The churchyard at Stirchley was used for the burials of departed parishioners from the time the church was built in the 12th century. However, it was not until the 18th century that people began to erect gravestones to mark the burial place of their deceased relatives. And then it was only the wealthy who could afford to pay for such memorials. Into the 20th century many people were laid to rest here in unmarked graves. Their names are recorded in the Parish register.
An extension on the north side was made to the churchyard in the second half of the 20th century. A number of the memorials here now commemorate cremations as well as interments.
Both the original churchyard and its extension were closed to new burials in 2004.
One of the oldest gravestones at Stirchley commemorates Thomas Johnson, Gentleman, who died on 12 April 1764 at the age of 68.
His funeral took place two days later officiated by Rev Edward Fosbrooke.
of Thomas Botfield
of Dawley, Gent:
who departed this life
April 5th 1801
in the 65th year of his age.
Also of Margaret wife
of the above
who departed this life
November 5th 1805
in the 72nd year of her age.
Thomas Botfield was one of three brothers who were responsible for the introduction of industry to this rural community in the early 19th century when coal and ironstone mining, iron founding, and brick making were started in the northwest quarter of the parish within reach of the Shropshire Canal.
The arrival of industry was the result of a partnership between I H Browne, who owned of most of the parish, and the Botfield brothers, William, Thomas and Beriah of Dawley who had already established collieries and ironworks on Browne's Old Park estate in Dawley in the late 18th century. In 1811 they took a lease on Browne's Stirchley Hall and Grange estates, gaining access to the minerals under most of the north and west of the parish. And from then until c1840 they established collieries, ironworks, and a brickworks here.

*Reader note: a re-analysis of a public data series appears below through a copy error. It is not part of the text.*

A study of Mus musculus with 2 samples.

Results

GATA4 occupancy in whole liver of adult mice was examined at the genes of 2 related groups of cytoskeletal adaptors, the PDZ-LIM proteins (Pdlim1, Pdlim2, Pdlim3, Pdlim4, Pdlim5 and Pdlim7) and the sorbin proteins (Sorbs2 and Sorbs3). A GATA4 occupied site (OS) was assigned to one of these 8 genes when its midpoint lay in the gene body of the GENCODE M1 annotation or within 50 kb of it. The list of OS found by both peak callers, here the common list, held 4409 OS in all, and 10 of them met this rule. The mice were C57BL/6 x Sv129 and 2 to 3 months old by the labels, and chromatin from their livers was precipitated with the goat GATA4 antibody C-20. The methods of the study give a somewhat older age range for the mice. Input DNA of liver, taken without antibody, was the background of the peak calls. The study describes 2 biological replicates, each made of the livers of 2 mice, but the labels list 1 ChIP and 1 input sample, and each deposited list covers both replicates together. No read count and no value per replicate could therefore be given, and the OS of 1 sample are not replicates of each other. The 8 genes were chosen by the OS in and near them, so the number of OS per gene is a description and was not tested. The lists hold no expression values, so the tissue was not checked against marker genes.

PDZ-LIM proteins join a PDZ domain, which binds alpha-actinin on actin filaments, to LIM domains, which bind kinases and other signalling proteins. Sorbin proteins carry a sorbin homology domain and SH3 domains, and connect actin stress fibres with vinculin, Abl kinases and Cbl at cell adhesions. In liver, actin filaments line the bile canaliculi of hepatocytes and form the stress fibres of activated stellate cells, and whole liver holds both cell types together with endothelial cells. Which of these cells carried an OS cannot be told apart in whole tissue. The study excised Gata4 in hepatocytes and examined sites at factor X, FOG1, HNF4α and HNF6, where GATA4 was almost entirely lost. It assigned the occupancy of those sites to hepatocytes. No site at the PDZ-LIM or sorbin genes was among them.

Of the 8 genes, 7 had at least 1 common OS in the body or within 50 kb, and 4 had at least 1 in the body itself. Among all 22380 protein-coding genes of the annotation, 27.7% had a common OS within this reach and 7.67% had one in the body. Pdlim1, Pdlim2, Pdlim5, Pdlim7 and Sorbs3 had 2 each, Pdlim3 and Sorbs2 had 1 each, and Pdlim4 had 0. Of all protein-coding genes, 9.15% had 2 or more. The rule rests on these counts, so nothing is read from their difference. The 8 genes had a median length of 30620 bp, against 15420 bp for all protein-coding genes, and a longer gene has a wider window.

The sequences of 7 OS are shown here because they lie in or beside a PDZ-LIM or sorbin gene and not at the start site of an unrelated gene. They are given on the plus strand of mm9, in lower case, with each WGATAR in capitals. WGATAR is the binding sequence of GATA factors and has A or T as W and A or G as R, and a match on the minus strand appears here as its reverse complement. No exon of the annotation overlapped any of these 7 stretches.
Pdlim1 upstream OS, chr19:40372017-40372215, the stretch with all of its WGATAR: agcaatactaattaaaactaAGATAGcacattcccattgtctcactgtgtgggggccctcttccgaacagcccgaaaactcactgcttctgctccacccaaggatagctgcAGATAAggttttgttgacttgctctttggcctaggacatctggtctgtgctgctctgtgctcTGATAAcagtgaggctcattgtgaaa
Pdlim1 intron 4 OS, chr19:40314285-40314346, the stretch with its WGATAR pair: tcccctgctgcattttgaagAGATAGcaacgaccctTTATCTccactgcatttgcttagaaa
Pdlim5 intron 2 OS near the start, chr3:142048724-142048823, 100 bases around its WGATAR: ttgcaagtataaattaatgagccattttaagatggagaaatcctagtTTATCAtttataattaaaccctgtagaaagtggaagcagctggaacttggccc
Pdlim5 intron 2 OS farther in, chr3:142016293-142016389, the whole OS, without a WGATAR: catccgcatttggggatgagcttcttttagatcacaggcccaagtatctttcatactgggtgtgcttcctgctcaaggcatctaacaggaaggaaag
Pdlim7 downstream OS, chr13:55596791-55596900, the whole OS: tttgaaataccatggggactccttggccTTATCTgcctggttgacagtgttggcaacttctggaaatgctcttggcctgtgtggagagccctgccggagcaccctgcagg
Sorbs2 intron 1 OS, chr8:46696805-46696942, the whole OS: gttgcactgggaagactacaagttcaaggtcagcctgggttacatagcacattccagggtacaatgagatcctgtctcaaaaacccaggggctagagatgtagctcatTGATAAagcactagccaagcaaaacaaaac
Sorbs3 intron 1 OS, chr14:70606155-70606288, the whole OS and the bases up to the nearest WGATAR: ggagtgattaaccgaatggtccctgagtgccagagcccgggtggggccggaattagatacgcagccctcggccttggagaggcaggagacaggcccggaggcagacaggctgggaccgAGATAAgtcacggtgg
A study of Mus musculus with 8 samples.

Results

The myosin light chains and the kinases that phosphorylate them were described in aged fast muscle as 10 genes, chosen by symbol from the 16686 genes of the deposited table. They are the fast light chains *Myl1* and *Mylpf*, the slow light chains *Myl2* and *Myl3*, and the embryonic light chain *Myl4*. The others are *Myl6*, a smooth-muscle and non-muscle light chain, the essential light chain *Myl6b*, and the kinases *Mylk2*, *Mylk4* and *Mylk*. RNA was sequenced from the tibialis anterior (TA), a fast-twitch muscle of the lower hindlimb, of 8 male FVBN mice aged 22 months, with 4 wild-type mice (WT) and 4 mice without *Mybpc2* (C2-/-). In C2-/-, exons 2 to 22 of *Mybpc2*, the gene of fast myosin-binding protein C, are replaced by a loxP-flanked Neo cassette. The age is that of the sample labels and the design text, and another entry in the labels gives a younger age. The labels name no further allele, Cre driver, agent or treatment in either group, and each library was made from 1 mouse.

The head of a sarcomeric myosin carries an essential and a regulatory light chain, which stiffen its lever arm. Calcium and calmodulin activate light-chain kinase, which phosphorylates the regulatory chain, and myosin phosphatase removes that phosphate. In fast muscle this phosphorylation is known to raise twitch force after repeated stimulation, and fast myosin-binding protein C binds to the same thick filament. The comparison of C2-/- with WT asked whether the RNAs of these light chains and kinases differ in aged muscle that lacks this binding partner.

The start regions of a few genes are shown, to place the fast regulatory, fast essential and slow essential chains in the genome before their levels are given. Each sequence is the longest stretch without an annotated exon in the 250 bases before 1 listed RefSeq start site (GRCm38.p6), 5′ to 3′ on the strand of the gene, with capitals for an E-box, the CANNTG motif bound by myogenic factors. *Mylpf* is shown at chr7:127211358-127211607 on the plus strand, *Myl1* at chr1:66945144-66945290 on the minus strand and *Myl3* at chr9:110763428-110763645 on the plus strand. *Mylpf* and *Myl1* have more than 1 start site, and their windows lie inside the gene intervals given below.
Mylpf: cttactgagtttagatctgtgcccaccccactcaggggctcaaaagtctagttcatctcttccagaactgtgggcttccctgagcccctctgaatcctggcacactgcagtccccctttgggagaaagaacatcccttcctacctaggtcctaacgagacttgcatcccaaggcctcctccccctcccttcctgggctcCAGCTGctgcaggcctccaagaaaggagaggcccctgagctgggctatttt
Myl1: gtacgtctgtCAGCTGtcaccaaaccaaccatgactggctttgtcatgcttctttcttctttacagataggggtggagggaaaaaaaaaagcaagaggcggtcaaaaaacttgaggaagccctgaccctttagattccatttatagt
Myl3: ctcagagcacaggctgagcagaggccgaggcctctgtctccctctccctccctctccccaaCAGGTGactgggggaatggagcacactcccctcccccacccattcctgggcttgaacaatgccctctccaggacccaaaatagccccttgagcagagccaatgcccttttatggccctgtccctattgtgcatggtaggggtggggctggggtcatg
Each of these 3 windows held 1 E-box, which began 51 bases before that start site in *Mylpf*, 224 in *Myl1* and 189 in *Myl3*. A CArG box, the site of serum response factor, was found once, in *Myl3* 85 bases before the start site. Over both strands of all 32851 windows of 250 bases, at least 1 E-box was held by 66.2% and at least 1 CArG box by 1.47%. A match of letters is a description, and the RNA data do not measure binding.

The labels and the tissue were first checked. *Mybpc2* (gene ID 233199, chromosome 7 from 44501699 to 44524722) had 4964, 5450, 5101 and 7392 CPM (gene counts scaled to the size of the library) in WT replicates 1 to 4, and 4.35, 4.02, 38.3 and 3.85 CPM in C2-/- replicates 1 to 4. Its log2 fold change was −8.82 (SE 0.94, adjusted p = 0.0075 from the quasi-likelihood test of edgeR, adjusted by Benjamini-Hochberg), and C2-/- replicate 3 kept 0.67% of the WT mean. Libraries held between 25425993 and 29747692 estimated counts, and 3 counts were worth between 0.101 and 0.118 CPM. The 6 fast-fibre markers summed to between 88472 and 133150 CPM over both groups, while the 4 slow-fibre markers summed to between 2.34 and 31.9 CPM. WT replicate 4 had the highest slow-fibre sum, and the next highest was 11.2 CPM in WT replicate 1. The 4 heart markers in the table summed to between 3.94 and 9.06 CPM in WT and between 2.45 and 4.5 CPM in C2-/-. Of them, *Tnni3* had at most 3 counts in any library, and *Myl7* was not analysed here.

The earliest mining here was the sinking of a shaft by William Botfield early in 1811 in the west of the parish. By 1822 there were four coal pits. The last to close was Grange colliery in 1894. Ironworking was started c1826 by the Botfields. Blast furnaces were built at the south end of Randlay reservoir and a forge and rolling mill were opened c1828, west of the Shropshire Canal. The furnaces and the mining royalties were leased to the Old Park Iron Company after Botfield's lease expired in 1856. The Stirchley chimney and furnace were built on the site in 1873 by Wellington Iron and Coal Company, but due to the firm's bankruptcy in 1877 the furnace was never fired. The works was shut down by 1885. However, the chimney remains as a landmark in the area to the industry that once was here.
In 1838 Thomas, William, and Beriah Botfield provided 120 new sittings by building a north aisle which incorporated a gallery for their workmen. The gallery extended into the nave, cutting into, and partly obscuring, the medieval chancel arch. The gallery was subsequently set back to cleare the chancel arch.
The rector at the time of William Botfield's death was Rev Roger Clayton.
There is every reason to believe that any rectors of Stirchley who died in office, of which they were many, were buried in the churchyard here. See Rectors of St James'.
However, the gravestones of only four have survived:
Hugo Moreton Phillips who died in post on 12 October 1877 aged 81;
Edward William Stubbs who died in post on 19 May 1879 aged 48;
Charles Mousley who died in post 11 November 1893 aged 60;
William Hunt Painter who died 12 October 1910 aged 75.